Echo Industries Survives and Expands Through BEAR Program


BEAR Press Release

When Frank Ferderber came back from living in Logan to help his father Greg with the business that is now known as Echo Industries, he had some reluctance. After all, he had gone to school at Utah State University and loved the area. But his father told him that with the acquisition of Cyprus Cable Repair, and the continuing business in providing leather goods to the mining industry, he needed the help.

The younger Ferderber has never looked back since.

Echo Industries was started by the senior Ferderber in 1982. He had been a miner for 15 years and then went on to teach at the mining department at what was then the College of Eastern Utah.

“I think maybe working those long hours at the mine made it so the college job wasn’t enough,” said Frank as he sat in his office in Carbonville. “He started the leather business and would go out and make calls starting at 5 o’clock in the morning and then after a day at the college would make calls in the evening as well.”

The products Echo Industries has supplied for years to a 24-hour, 365-day-a-year industry has grown because times have changed. Miners must carry around various kinds of pouches for meters, lights and other items while in mines. A regular miner might only have a couple of pouches on a belt while a fire boss or foreman might carry six or seven items. 

“As the meters and equipment change, we have to build new kinds of pouches to carry them in,” said Frank. “Almost every year something is new.”

The original leather business was just a sales business. Greg had contracted with a man to build the items he sold. But when the man decided to get out of building the product being sold, Greg bought him out. That is where BEAR came in.

“BEAR has been of great help to us,” said Frank. “They helped us get a grant to build the building so we could grow and expand our business.”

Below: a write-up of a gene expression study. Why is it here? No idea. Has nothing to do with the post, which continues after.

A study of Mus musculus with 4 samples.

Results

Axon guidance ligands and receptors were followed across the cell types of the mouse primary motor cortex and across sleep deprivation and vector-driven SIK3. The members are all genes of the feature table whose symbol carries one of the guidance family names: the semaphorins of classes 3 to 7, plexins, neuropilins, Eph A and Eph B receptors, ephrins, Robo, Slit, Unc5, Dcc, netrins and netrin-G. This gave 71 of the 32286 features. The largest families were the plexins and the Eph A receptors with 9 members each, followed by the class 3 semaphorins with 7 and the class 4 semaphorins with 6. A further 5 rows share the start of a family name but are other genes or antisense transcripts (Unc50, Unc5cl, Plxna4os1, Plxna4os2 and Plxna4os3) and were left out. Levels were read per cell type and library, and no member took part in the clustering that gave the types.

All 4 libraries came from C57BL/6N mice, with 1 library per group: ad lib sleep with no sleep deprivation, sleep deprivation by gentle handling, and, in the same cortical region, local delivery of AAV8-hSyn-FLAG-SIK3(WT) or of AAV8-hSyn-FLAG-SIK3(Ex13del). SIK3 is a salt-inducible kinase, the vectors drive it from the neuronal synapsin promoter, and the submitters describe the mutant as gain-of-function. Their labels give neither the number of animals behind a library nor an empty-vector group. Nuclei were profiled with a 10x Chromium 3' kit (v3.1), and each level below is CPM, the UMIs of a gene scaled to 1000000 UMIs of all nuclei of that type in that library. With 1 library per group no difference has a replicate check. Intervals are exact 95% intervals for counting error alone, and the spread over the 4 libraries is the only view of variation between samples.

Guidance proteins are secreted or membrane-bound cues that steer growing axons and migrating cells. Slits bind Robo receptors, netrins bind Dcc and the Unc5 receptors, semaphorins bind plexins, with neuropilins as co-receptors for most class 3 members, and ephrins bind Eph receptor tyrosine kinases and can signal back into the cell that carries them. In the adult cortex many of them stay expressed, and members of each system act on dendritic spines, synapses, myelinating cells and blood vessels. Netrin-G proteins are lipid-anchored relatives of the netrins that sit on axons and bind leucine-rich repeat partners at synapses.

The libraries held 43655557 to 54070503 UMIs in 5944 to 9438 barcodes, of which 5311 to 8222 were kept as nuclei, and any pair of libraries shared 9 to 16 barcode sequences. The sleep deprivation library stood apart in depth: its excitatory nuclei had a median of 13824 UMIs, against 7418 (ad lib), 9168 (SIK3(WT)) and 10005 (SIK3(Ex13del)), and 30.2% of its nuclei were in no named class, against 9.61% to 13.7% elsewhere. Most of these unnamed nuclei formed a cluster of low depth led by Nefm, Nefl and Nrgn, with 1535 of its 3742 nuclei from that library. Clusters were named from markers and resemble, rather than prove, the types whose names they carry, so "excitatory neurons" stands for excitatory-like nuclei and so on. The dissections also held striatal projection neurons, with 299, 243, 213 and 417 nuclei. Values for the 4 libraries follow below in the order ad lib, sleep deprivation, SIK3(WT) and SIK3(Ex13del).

Over the years, the business has moved from a one-person operation to four full-time and two part-time employees. 

The market for both operations, the cable repair business and the leather business, is very narrow and through the Economic Gardening program, Frank said they have been looking for ways to expand what they are doing. They continue to work on that.

The business itself may be located in coal country, but the company also does work for the copper, potash and trona mining industries as well. While the requirements are different, hard rock miners need their equipment and repair services too.

“We do 85% of our business with the coal mines,” said Frank. “But we have done work through both sides of the business in places like New Mexico and Wyoming. In fact, Bridger Coal is one of our biggest customers.”

The shop where the leather goods are manufactured is an exhibit to the art of leather work creation. Molds hang on the walls and various pouches of all sizes and types hang in another part of the shop.

“We have also started to create and sell nylon belts and pouches as well,” said Frank. “Some miners prefer those to the leather.”

That part of the business is run by Tiffany Ferderber, Frank’s wife. She does the sales as well as works in the shop.

“When the cable repair business has been slow, this has kept us going,” said Frank as he stood in the shop.

Because of the can-do attitude of both the ownership and the workforce at Echo, and the ability to adapt to new developments, the business continues to thrive and grow.